Wednesday, January 17, 2007
July/August 2006 HelpLine
From Film To Video
Q) Years ago, I converted old 8mm movies to 8mm videotape by projecting to a converter box and taping with a video camera. I'd like to convert the film again with better quality by scanning the film digitally. Does anyone make a scanner that converts 8mm movie film to a digital video file?
A) There isn't an 8mm scanner available, unfortunately-or at least one that would be available on a retail basis. If you think about the differences in size between a 35mm negative and an 8mm motion picture frame, you can see that 8mm is just a fraction of the still image size. Size difference aside, think of how long it takes to scan one 35mm transparency. Now imagine scanning multiple frames—maybe as many as 18 frames per second—and you can see how the requirements of an 8mm scanner would be a tall order.
Now, one could argue that with 8mm, you wouldn't need the resolution requirements of a 35mm scanner. Since you'd probably output to traditional video devices, their pixel count is 720 x 486 for NTSC (the North American television standard) or 720 x 576 for PAL. (If you're used to thinking in terms of dpi or ppi, think "less than 100 ppi.")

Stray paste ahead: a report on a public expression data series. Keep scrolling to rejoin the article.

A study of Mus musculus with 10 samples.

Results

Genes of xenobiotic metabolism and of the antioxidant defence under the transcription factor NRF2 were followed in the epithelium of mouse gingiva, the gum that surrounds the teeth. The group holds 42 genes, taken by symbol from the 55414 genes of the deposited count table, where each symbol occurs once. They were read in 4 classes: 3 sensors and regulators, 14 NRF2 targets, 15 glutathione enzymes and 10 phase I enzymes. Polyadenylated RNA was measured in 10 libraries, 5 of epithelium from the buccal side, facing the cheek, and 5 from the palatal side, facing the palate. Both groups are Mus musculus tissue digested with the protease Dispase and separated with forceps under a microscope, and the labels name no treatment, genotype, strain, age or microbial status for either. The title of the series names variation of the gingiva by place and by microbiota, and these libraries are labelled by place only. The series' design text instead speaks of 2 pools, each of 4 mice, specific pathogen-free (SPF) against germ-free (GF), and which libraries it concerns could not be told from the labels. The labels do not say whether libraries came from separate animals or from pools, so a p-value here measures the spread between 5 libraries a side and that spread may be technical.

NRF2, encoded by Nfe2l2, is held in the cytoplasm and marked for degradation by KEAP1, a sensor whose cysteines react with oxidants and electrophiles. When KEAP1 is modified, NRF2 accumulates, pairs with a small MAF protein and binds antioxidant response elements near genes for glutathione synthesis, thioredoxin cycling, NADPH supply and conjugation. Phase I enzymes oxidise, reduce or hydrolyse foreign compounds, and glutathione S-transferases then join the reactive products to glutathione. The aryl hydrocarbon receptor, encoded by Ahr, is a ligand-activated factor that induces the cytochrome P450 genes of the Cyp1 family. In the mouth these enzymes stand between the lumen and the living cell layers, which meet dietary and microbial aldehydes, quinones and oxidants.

There's one more piece to the equation, however: each frame that was placed in the scanner would have to match the exact position of the previous frame. If any frames aren't positioned properly, there would be a very distracting "film weave" as each frame of film jumps around when displayed in sequence. This isn't a feature of current transparency scanners.
If you have the money, there are professional film scanners called telecines that are used for motion-picture transfers. They're expensive (well over $100,000), however, and many don't have an 8mm "gate" for transferring that size film.
Another option is to call a film transfer company to see if its telecine has an 8mm gate. In my experience, the charge for transfer would be several hundred dollars per hour.
There are many small labs that advertise the transfer of film to video, however. Check out what's available in your area and give one a test to see what they can do.